A new strategy for Tai Tales, and dealing with a new housemate
I’m currently writing from a boutique luxury hotel in Kuala Lumpur because I’m taking a break from a toddler with fangs. Namely this furry monster:
Choosing to foster an energetic, bite-y teenage kitten when you’re dealing with mental fatigue and burnout was not the best idea, but look at that face! How do you resist that? (If you’re interested in my cat adventures, I wrote more about Apri in my latest blog post.)
Speaking of burnout, I had not expected to be away from Tai Tales this long. But to be honest with ya, the thought of resuming my Substack routine and all that it entails made me a little scared. 😅
There’s just so much work to stay connected and get noticed on Substack. My overstretched brain just didn’t want to deal with it. And frankly, I still don’t think I can keep up now that I feel better.
But getting off the production treadmill made me reflect a lot on my Substack strategy. “Publish what I feel like” feels wrong to me now.
For one, I realised that publishing Being Chinese in an anti-China world was not the right step for Tai Tales. Not because I was ashamed about what I wrote — I think it’s a super important topic that more people (especially Westerners) need to know about.
But it’s a wrong fit for Tai Tales because:
It can be jarring for readers to suddenly receive a newsletter about geopolitics and imperialism when they were expecting a relaxing read, like fiction.
Politics is a highly sensitive matter, and I received some negative attention due to my unconventional narrative about China. Some comments turned me off Substack Notes for several days. I was deeply disappointed with the human race for a while. These feelings and reactions is not something I want to invite to this space. I want Tai Tales to be a cosy place, not a place where war takes place in the comments.
Most of all, it is distracting me from my main purpose for the newsletter: to share fiction and build a consistent fiction writing practice.
So, from now on, this blog will be focused on fiction and the work that goes into creating them!
This feels right.
That said, I also realise one thing: Distant Stars is heavily influenced by the geopolitics I see. It will come up again once in a while, but not in the form that you saw.
If you do want to read my non-fiction, my personal website, elizabethtai.com is a great place to go.
You can also watch out for the Weekend Tales issue (like this one!). It’s the monthly digest where I share all the content I’ve written and produced.
Like I don’t need more hobbies already, but I decided to publish my Asian drama reviews to another blog: Drama Tea. I even created a Youtube channel and podcast for it. Some of the reviews I’ve published so far:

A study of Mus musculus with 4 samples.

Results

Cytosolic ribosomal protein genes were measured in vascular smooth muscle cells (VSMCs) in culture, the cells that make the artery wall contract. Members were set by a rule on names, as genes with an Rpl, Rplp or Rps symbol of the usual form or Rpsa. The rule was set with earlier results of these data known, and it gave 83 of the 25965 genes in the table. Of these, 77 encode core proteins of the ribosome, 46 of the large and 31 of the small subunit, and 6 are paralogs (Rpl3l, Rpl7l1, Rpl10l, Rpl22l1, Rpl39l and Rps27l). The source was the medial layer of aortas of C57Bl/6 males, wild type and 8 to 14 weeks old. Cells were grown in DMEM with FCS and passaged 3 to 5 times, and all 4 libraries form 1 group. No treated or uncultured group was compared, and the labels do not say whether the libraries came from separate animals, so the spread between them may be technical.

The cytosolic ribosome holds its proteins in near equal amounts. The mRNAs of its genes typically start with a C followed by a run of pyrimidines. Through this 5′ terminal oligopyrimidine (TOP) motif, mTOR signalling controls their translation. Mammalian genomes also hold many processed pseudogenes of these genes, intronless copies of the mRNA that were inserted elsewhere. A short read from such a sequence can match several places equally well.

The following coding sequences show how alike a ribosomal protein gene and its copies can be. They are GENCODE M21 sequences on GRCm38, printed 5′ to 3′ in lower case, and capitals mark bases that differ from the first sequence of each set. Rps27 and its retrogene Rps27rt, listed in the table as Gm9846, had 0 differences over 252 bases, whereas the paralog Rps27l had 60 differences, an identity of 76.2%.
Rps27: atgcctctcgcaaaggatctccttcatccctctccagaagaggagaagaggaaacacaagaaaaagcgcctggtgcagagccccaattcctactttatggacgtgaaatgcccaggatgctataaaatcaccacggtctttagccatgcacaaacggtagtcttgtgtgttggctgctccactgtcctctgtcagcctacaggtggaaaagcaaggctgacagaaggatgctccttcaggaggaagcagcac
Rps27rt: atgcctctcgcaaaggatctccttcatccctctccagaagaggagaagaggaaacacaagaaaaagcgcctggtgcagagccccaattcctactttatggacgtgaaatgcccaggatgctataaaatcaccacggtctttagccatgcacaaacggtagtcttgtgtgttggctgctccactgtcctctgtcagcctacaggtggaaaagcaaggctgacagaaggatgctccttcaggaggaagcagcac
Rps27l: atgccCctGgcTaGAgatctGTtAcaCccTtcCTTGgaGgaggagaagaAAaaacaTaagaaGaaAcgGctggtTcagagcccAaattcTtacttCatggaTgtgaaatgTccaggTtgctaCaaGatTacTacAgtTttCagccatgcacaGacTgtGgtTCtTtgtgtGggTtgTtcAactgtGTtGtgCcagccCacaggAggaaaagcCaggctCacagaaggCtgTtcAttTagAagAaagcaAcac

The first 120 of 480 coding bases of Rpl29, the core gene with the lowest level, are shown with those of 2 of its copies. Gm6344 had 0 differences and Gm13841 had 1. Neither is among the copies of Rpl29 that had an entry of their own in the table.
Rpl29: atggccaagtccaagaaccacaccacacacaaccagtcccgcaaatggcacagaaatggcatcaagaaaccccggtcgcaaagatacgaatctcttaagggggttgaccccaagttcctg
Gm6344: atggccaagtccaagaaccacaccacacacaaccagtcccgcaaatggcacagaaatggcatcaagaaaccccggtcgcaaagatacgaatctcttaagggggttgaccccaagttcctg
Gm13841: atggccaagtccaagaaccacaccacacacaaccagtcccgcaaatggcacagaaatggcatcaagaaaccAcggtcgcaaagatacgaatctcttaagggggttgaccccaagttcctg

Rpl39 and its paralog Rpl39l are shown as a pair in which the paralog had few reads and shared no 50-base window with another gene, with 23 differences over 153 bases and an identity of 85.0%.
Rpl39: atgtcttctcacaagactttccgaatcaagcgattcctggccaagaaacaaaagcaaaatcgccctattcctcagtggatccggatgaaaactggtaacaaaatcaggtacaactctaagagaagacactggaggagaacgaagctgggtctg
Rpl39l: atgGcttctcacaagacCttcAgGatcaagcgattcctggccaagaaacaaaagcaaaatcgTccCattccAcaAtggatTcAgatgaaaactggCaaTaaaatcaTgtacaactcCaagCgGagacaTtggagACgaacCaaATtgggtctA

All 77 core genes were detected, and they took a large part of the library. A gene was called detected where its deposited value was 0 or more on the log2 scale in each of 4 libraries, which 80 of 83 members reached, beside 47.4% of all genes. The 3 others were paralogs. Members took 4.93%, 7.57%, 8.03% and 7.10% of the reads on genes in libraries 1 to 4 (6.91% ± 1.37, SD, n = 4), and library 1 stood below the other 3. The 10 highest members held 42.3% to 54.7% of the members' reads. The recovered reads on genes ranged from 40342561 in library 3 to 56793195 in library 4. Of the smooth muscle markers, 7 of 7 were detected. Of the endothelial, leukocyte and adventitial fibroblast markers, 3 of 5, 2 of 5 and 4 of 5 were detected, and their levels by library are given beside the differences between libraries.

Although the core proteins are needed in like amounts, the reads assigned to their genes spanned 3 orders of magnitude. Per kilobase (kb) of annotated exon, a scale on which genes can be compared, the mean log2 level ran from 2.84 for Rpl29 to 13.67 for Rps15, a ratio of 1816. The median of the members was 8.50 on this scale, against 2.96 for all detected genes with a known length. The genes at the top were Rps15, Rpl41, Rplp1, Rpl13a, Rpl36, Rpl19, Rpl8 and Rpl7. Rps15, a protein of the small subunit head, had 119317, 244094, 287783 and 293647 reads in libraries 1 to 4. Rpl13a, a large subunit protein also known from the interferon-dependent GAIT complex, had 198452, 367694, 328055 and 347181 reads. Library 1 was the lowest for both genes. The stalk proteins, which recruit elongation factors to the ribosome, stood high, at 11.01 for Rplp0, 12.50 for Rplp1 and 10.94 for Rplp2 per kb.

Other things I wrote on my personal blog:
FYI, I blog the POSSE way, which means that I treat my website as a hub of content that pulses out to my social media channels, including this one. You can read more about this blogging technique in my post, POSSE and PESOS: Better ways to publish content.
Here are some articles that caught my eye recently:
Re-take control of your social media — Preach, brother!
The case against pets: is it time to give up our cats and dogs? — seeing how unhappy Apri was, confined to my tiny apartment, longing for the outside, and spending most of the day alone, has made me rethink about how we approach pet ownership. Sometimes, animals are meant to wander, even if it means that their lives are shorter as a result.
Streaming Has Reached Its Sad, Predictable Fate (gated content) — I am currently subscribed to Netflix, iQIYI, Youku and WeTV and seriously the emoji that best reflects my feelings about this is
I’m trying to read David Baldacci’s Last Man Standing, but in the first chapter our hero spends paragraphs lovingly talking about the guns he uses for his job. That just … turns me off somehow. Especially what’s been happening in America with all the shootings.
And then I tried to read a romance novel by Mary Jo Putney, Stolen Magic, but my brain is like, nah this is boring.
Despite my best efforts, I’m still gravitating towards serious, heavy geopolitical reads like Kishore Mahbubani’s The Asian 21st Century, Has the West Lost it? and Has China Won?
I’m still on a Chinese drama streak. I’ve recently completed Mysterious Lotus Casebook. It’s one of those rare dramas that hits all the right spots for me. My review below:
Well, that’s it folks! I hope I didn’t ramble for too long. Watch out for a more focused fiction-related Tai Tales issue soon!
As usual, I’ll be super happy if you share my newsletter, and if you hadn’t subscribed to it already, please do. And if you want to toss a coin to this bard (who can’t sing) I’ll be ever grateful!